Four years ago, Howard County Councilman Vernon C. Gray introduced a measure to license security systems and to fine owners whose alarms habitually rang false. But after some debate, not one county council member, save for Mr. Gray, voted for the proposed regulations.
As time has passed, it has been the police department -- and ultimately the citizens of Howard County -- who have paid for that missed opportunity.
The Gray bill was never perfect. Its fine system -- $75 for every third false alarm in a 30-day period or fifth alarm in a 12-month period -- would still have allowed abusers to slip through the cracks. Plus, the requirement that all security systems be licensed and periodically inspected would have placed an enormous strain on the county's license and inspections division.
Nevertheless, the Gray bill stands as the only attempt thus far to curb the problem in Howard County. The enormous growth in the security systems business over the past 10 years has, in fact, made false alarms a national concern, taxing police departments everywhere. Where penalties have been assessed -- Montgomery County, for example -- officials are claiming some success. Baltimore County officials are currently reviewing legislation that would charge security companies a fee for every alarm call made to police; that proposal gathered steam after a 1994 incident in Randallstown, in which a malfunctioning system blared for days at the home of a man who was overseas.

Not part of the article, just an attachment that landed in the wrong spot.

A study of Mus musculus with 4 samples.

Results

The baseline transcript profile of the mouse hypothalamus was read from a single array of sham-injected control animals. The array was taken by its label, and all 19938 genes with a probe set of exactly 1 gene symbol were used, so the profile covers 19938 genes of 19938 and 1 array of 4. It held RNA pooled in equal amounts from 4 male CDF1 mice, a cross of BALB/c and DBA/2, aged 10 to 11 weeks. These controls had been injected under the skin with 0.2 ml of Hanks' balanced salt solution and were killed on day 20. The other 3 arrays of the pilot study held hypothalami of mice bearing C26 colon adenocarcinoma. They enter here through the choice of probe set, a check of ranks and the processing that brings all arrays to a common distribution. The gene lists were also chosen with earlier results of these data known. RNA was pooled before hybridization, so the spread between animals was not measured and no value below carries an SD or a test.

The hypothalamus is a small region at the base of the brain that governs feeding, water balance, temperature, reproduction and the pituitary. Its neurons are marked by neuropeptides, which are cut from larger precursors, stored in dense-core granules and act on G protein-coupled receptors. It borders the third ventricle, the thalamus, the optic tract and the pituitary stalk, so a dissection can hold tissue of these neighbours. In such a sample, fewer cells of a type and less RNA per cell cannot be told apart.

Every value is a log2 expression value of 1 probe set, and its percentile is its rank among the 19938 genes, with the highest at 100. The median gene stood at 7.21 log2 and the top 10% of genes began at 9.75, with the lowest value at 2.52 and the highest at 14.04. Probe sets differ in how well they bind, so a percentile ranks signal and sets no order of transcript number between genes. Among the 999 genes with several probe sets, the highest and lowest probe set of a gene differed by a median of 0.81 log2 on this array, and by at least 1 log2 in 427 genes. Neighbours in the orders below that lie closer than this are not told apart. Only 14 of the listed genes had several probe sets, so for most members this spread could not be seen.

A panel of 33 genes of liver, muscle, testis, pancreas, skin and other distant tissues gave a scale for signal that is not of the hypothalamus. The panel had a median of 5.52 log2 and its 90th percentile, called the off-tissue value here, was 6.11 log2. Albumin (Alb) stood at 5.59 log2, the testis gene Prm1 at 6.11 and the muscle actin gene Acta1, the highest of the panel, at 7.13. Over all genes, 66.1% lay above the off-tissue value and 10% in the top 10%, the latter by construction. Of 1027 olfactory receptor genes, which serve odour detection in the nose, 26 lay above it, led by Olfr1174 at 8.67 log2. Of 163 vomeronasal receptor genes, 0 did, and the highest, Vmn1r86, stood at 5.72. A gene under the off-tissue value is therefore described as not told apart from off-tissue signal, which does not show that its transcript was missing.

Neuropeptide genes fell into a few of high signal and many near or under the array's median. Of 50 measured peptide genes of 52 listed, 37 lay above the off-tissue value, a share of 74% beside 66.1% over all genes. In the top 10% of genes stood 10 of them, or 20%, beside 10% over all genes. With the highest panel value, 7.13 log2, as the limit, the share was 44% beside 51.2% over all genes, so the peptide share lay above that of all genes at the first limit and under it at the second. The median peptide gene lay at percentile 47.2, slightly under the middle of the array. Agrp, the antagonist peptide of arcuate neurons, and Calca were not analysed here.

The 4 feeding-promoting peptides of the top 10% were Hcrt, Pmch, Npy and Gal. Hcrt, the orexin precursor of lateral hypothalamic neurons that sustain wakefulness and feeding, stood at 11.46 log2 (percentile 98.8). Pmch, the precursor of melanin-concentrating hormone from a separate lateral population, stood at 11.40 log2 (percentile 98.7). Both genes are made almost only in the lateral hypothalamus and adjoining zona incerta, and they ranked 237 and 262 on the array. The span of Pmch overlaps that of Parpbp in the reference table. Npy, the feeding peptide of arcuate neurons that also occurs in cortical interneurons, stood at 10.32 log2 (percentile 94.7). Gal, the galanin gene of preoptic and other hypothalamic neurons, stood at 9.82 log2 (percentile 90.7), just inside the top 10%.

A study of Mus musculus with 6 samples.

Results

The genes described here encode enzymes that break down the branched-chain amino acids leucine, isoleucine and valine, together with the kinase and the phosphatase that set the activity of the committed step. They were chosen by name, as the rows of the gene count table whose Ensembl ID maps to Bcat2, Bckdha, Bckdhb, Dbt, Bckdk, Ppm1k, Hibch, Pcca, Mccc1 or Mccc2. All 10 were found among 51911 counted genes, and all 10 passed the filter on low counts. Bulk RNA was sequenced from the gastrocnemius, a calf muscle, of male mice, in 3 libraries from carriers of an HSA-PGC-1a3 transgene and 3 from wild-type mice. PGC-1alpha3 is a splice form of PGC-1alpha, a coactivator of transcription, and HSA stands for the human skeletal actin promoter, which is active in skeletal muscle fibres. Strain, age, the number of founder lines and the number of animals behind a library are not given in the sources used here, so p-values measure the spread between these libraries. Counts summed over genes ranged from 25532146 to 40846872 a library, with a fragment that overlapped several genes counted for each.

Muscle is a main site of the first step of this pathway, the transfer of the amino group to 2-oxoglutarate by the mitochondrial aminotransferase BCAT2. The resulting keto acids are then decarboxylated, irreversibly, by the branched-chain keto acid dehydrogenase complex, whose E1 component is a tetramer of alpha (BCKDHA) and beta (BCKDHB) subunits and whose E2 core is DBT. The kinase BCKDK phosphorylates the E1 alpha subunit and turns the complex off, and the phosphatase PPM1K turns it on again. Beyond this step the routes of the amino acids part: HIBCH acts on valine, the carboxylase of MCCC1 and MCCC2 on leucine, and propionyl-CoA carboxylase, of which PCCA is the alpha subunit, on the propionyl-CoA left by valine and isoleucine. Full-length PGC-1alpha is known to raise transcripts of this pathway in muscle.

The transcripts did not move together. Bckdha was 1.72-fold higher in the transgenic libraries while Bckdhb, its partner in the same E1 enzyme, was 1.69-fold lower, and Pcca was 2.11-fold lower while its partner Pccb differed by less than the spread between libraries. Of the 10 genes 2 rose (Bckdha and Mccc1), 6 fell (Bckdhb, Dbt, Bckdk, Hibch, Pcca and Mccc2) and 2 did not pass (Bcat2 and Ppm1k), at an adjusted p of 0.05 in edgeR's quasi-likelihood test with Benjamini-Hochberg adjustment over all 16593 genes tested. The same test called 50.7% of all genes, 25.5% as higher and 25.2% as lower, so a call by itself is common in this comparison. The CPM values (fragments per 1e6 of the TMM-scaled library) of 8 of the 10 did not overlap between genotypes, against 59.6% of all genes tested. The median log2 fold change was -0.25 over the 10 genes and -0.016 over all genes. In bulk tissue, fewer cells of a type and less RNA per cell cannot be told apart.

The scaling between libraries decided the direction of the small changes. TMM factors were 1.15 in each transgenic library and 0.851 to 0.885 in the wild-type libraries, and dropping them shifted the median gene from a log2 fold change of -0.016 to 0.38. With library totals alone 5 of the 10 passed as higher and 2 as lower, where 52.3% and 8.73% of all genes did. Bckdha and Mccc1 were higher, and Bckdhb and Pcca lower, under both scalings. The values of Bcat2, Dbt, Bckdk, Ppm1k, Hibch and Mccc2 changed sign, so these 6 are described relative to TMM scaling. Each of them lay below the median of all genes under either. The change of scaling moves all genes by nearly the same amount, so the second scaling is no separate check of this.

But in Howard County, where police reported nearly 18,500 false alarms in 1994 and are recording a similar pace this year, the problem is growing unchecked. With officers responding to up to 75 false alarms a day, the equivalent of one officer's entire shift is wasted daily chasing bogus burglaries. The result is a police force not only drained of valuable resources but becoming increasingly apathetic to these alarms. And if officers assume that every burglar alarm is false, human nature may cause them to drop their guard that one time when the alarm is for real. The potential for injury or loss of life should outweigh any of the concerns about the costs involved in insisting that the owners of security systems act responsibly. Mr. Gray says he will introduce his bill again this fall. We hope the issue is taken more seriously.